New rule for union elections require employers caught using unfair labor practices to recognize union

A woman in a Christmas themed outfit raises her fist while speaking to the rally.
Diana Valencia from 9 to 5 Association for Working Women riles up attendees at the rally for striking Case truck factory workers Saturday, Dec. 17, 2022, at the United Auto Workers hall in Racine, Wis. Angela Major/WPR

State labor leaders say recent changes by the National Labor Relations Board will make it easier for Wisconsinites to unionize, especially in the service industry.

Last month, the National Labor Relations Board, or NLRB, issued a decision establishing a new framework for deciding when companies are required to bargain with unions without a formal election.

Labor groups across Wisconsin — including the state AFL-CIO, the Milwaukee Area Service and Hospitality Workers Organization and the Fox Valley Area Labor Council — say the NLRB’s recent actions will help reverse the trend of declining unionization.


Under the new NLRB framework, companies caught using unfair labor practices during the election process will be forced to negotiate with a union — rather than rerunning the election that could establish the union. When a majority of workers express interest in joining a union in written cards, the employer is required to immediately bargain with the union or seek an election.

The change isn’t unprecedented and stems from a case in the 1960s, according to Michael Childers, a professor at the University of Wisconsin-Madison School of Workers.

“What they’re basically saying now is that, if any unfair labor practice is found to have occurred after an employer asks for an election, then they don’t need to have the election. The union will just be recognized and bargaining should commence,” he said. “That absolutely could have some impact on unions being formed in the private sector.”

The NLRB also adopted another rule last month aimed at speeding up the election process. But that rule won’t take effect until Dec. 26.

This reverts the union election process to what it was in 2014 and reverse changes made in 2019 under the Trump Administration, Childers said.

“What those changes in 2014 sought to do is to update these rules to be more in line with the way things are today,” he said. “Those changes were made to make it a more expeditious process to avoid having long delays before workers would be able to vote ‘yes’ or ‘no’ on whether they wanted to have a bargaining unit.”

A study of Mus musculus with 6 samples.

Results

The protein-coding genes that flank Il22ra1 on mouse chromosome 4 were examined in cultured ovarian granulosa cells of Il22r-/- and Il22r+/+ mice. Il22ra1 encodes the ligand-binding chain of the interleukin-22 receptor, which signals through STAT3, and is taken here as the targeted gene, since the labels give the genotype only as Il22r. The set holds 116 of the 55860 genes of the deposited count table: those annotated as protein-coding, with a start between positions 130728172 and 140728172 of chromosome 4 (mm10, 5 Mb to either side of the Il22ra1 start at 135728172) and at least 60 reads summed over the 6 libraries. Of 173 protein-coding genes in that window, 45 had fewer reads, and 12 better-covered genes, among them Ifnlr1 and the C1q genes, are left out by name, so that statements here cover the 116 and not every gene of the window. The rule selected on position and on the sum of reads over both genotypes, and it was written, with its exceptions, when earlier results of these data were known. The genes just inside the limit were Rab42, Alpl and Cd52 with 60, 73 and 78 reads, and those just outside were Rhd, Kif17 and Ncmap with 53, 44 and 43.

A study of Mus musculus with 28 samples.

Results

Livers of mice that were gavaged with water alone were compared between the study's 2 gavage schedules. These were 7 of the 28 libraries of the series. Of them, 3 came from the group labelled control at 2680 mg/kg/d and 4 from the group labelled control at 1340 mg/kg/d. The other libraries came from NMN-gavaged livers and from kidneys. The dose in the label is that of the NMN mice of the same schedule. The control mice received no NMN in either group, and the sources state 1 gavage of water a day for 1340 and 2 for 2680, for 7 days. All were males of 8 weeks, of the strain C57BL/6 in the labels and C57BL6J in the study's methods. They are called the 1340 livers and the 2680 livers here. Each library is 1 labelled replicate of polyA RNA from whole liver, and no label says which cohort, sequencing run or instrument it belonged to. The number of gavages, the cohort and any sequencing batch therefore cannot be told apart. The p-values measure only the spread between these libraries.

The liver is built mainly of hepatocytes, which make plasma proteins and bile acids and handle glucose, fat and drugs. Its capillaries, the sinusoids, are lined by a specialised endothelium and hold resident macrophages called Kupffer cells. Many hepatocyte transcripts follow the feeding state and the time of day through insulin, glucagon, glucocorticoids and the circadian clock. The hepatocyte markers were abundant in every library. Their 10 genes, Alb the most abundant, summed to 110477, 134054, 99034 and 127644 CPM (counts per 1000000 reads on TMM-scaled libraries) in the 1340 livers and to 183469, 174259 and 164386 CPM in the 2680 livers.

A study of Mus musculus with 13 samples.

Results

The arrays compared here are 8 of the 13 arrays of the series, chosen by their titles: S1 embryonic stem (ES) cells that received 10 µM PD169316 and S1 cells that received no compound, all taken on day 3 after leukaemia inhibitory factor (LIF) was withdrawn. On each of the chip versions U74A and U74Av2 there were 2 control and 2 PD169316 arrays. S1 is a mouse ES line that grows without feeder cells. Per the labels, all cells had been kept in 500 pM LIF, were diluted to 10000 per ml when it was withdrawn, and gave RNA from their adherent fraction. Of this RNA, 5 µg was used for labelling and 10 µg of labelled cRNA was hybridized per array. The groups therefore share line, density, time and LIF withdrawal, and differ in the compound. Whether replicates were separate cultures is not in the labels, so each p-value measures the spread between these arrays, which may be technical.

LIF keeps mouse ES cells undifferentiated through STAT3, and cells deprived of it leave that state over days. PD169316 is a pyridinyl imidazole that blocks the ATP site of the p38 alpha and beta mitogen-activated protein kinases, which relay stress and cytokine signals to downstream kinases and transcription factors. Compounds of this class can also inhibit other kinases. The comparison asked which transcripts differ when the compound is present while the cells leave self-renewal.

The rule changes by the federal agency tasked with protecting the rights of private-sector workers to organize come after Wisconsin’s union membership fell to its lowest levels since at least 1989 last year and as recent national polling has shown unions have become more popular than they’ve been in over a half-century.

Over the last year, Wisconsin has seen workers in Racine, Chippewa Falls and Madison go on strike. Most recently, workers in Milwaukee and Hudson joined the ongoing United Auto Workers strike.

While labor leaders have praised the NLRB’s recent actions, “right to work” groups have framed them as shifting power from workers to “union bosses.”

In a statement, National Right to Work Foundation Vice President Patrick Semmens said relying on the “card check” process, where workers sign authorization cards to form a union, instead of a secret ballot vote creates a “lack of privacy or security.”

“Union officials pressure and intimidate workers into signing union authorization cards that are later counted as votes to impose the union on all workers,” Semmens said. “During card check drives, workers report being misled about the true purpose of the cards, being threatened if they didn’t sign or even receiving unwelcome campaign visits at home that necessitated calling the police.”

State union officials point to Act 10, which effectively eliminated long-held bargaining rights for most government employees, as one of the main drivers behind recent declines in union membership in Wisconsin. But they say another cause is the decline of manufacturing jobs in Wisconsin, forcing more workers into the low-pay service industry.

Peter Rickman, president of the Milwaukee Area Service and Hospitality Workers Organization, said the union movement in Wisconsin traditionally hasn’t leveraged its power to build momentum in service and hospitality work, and now those jobs have “exploded.”

He said that’s led to worse income inequality in the state and poor working conditions for many Wisconsinites. Rickman also said the NLRB’s recent decisions address some of the issues he’s faced organizing in the service and hospitality industry.

“The fundamental question is, what can be done to transform service and hospitality work that too often traps people in low-wage, no benefit, insecure, casual, part-time contingent work? The recent moves by the NLRB to restore the promise of the National Labor Relations Act, and to restore the policies of the mid-20th century, are certainly welcome for union organizers and negotiators,” he said.

Fox Valley Area Labor Council President Mark Westphal also welcomed the changes. He said the uptick in support for organized labor and recent strikes by unions are the result of workers being unappreciated for years.

“I’ve been a union member for over 40 years, and for most of those 40 years, I have not seen the enthusiasm, the solidarity and the uptick in motivation by workers of all types to reconnect through the union,” he said. “After so many years of decline and kind of melancholy attitudes towards unions, you do notice the enthusiasm that’s out there.”